Over the summer of 2014, all eyes in the United Kingdom were on the northern half of Britain as Scotland prepared to vote to secede from the United Kingdom. This tension came to a head on Thursday, September 18, as citizens of Scotland voted in a referendum to decide the issue. In a 55%-45% , it appeared that the majority of Scots were in favor of remaining with the United Kingdom. They may not have opted to take their freedom, but Scotland’s actions of last week do bring up three interesting points for those on this side of the pond to consider.
First, one should ask if secession would have been a reasonable solution to Scotland’s political circumstances. Tom Clougherty of Reason dissected the motivations for and the implications of an independent Scotland. The challenges lie in three places: its fiscal status, its debt, and its currency. These three are obviously interrelated, and the essence of these challenges is that Scotland would find itself struggling economically for an incredibly long time.
Second, how does this affect other secessionist movements on the world stage? In an article from USA Today, Alan Gomez reports that secessionist movements, especially in Spain and Belgium, are particularly keen on the campaign strategies used and polling statistics from the Scottish vote. The first lesson, according to Gomez, is to get the standing government to approve a formally recognized vote. Legitimacy is key in such a political move. Second, the Scottish polls leading up to the vote showed that support for independence seemed to be on the rise, yet the reality on September 18 told a different story. A poll taken without condition is quite different from the pressure of the ballot. The Scottish experiment also provided an example for what an independence campaign might look like, as well as how and to whom secessionists should appeal for support. Movements around the glove were disheartened to see the Scots remain in the United Kingdom, but Gomez, in quoting Jason Sorens, a political science professor at Dartmouth, raises one final point that is significant: “The domino effect seen throughout the 2010-12 Arab Spring and other recent revolutionary uprisings does not necessarily translate to secessionist movements, successful or unsuccessful.” Unlike countries in the Middle East with puppet dictators, the Scots do not have a clear, uniform reason for independence. While the situation under British rule may not be the most liberal, in the traditional sense, it is unlikely that the current government is going to be as oppressive as those under Saddam Hussein or Muammar Gaddafi.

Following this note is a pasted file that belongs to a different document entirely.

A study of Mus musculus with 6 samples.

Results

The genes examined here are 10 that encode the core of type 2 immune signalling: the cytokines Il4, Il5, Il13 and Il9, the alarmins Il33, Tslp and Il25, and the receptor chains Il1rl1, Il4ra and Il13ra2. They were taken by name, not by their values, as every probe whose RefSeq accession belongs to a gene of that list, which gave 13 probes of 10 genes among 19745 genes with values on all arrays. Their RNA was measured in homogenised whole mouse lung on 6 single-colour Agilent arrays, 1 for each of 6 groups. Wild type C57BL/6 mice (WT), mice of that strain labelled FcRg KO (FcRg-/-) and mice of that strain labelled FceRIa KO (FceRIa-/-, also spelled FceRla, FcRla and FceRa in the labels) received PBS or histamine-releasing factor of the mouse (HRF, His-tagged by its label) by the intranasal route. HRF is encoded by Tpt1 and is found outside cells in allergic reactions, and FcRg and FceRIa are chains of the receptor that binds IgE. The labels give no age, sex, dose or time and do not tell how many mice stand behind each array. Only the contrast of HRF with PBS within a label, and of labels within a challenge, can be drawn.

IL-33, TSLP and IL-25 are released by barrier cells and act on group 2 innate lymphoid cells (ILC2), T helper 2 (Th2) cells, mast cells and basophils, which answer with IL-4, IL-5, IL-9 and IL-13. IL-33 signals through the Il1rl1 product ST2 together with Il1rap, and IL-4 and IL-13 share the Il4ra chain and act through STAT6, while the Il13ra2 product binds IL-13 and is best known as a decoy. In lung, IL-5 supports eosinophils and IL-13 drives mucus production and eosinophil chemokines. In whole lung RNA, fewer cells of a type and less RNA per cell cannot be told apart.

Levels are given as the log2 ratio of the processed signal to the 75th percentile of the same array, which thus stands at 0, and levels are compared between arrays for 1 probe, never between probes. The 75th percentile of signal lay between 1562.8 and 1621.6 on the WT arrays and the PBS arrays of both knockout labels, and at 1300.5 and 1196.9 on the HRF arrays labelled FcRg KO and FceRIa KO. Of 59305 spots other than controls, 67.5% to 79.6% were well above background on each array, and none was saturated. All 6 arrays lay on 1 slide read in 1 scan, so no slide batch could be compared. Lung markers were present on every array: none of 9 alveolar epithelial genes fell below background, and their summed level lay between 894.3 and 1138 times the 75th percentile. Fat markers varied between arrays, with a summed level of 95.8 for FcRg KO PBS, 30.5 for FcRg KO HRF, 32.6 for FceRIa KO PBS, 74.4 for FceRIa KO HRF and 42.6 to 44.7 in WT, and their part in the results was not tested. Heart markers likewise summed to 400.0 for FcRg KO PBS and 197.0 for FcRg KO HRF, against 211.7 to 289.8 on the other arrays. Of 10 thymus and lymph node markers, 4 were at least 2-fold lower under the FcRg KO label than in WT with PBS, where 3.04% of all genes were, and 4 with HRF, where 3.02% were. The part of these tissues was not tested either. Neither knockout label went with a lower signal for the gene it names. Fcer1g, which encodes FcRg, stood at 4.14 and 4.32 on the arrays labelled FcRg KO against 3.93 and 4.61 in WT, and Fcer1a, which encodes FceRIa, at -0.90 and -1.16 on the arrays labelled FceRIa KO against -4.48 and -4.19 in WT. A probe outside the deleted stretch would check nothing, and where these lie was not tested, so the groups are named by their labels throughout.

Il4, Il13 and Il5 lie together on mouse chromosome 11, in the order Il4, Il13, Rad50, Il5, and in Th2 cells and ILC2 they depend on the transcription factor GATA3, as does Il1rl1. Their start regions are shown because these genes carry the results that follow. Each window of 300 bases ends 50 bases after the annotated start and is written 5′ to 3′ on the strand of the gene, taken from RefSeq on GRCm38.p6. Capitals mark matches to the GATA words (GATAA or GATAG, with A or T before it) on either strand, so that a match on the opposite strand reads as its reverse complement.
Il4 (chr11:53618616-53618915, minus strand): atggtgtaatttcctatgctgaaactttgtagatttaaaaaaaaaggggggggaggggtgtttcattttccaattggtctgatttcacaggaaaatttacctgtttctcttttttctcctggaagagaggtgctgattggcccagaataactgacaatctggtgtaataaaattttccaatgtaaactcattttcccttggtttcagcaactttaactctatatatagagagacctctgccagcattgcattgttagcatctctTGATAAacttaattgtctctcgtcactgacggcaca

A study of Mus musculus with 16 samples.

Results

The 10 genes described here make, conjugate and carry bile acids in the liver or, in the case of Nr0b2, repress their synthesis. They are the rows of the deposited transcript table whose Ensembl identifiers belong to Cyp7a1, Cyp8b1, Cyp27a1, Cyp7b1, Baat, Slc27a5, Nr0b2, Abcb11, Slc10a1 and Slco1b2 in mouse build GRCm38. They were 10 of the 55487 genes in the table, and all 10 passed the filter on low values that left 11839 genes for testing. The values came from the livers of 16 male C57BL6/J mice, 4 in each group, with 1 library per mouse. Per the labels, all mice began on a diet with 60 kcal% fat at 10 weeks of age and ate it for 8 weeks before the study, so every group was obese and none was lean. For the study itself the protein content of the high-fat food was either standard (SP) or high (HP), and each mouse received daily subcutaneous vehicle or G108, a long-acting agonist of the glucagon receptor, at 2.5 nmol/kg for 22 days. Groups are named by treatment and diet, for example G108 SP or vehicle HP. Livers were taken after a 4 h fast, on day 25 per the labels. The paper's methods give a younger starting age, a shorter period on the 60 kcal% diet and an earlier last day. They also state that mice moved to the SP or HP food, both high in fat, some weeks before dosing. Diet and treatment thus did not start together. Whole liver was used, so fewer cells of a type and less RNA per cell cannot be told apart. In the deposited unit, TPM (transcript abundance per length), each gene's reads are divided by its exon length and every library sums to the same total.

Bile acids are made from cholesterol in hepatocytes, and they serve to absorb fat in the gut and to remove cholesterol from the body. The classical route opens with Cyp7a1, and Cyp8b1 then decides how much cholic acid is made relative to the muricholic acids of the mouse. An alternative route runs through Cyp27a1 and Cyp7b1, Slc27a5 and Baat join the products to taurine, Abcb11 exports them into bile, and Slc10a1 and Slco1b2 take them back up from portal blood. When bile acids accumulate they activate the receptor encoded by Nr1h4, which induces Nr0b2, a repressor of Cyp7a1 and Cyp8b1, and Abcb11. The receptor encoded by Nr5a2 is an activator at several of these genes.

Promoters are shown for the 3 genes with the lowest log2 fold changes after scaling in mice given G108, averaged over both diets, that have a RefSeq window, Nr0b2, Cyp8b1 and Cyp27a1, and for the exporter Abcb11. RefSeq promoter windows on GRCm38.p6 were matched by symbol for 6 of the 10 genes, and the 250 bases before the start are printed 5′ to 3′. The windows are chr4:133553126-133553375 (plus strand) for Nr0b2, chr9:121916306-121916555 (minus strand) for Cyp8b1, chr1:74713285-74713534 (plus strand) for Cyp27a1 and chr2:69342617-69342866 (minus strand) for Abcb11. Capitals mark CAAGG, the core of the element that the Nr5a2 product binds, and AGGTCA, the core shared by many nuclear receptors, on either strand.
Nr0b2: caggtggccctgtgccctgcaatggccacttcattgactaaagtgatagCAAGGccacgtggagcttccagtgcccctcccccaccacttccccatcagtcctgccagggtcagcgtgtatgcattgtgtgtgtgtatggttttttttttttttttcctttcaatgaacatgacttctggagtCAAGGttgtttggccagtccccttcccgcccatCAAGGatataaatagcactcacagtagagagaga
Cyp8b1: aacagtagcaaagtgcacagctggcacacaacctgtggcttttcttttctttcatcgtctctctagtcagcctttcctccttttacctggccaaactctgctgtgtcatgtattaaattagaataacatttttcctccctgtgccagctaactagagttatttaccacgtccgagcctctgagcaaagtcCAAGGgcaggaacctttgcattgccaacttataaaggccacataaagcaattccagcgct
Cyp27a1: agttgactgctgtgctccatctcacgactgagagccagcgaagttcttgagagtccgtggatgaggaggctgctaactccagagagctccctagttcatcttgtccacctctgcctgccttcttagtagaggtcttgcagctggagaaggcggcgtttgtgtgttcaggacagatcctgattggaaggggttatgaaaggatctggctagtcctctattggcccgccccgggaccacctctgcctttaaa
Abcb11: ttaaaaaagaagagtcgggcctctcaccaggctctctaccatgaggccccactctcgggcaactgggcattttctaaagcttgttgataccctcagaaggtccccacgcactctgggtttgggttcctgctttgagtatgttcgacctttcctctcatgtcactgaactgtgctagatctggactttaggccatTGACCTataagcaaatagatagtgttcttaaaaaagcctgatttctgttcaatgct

To conclude, we should ask: what can we, as Americans, learn from the Scots? If anyone should have some advice about getting out from under the rule of England, it would be the United States. To refer back to Tom Clougherty, independence may be what Scotland needs to reign in its large, constrictive economy. He claims that: “Scotland would be forced to restructure its public sector, not just to reduce costs in the short term, but also to deal with the prospect of an aging population.” In addition to these readjustments, they would also be forced to provide incentives to encourage increases in both domestic and foreign enterprise.
Conservatives at the Heritage Foundation are not as optimistic as the Libertarians are at Reason. In his article, Nile Gardiner appeals to the special relationship that Britain and America have and how Scotland’s independence would have drastic effects on our closest ally. Gardiner’s most significant points included demographic changes, economic turmoil, political instability, and military restructuring. Demographically, its population would have been reduced by 5,000,000. Economically, the London Stock Market would have taken quite a hit, a hit which would undoubtedly have been felt on Wall Street. The political turmoil would have resulted in Prime Minister David Cameron and the Conservative Party fighting to maintain control. The United States needs a stable Britain to aid in the fight against ISIS in the Middle East. The British military, alongside its potential dormancy against ISIS, would also have been forced to relocate its nuclear weapons, giving a headache to British and US defense chiefs.
Here we have two reasonable opinions on the vote. One in support, mostly for economic reasons, and one against, mostly for reasons of tradition and political stability. The United States certainly has a vested interest in Britain’s stability, but a strong free market economy (even if in the future) is also an attractive thought.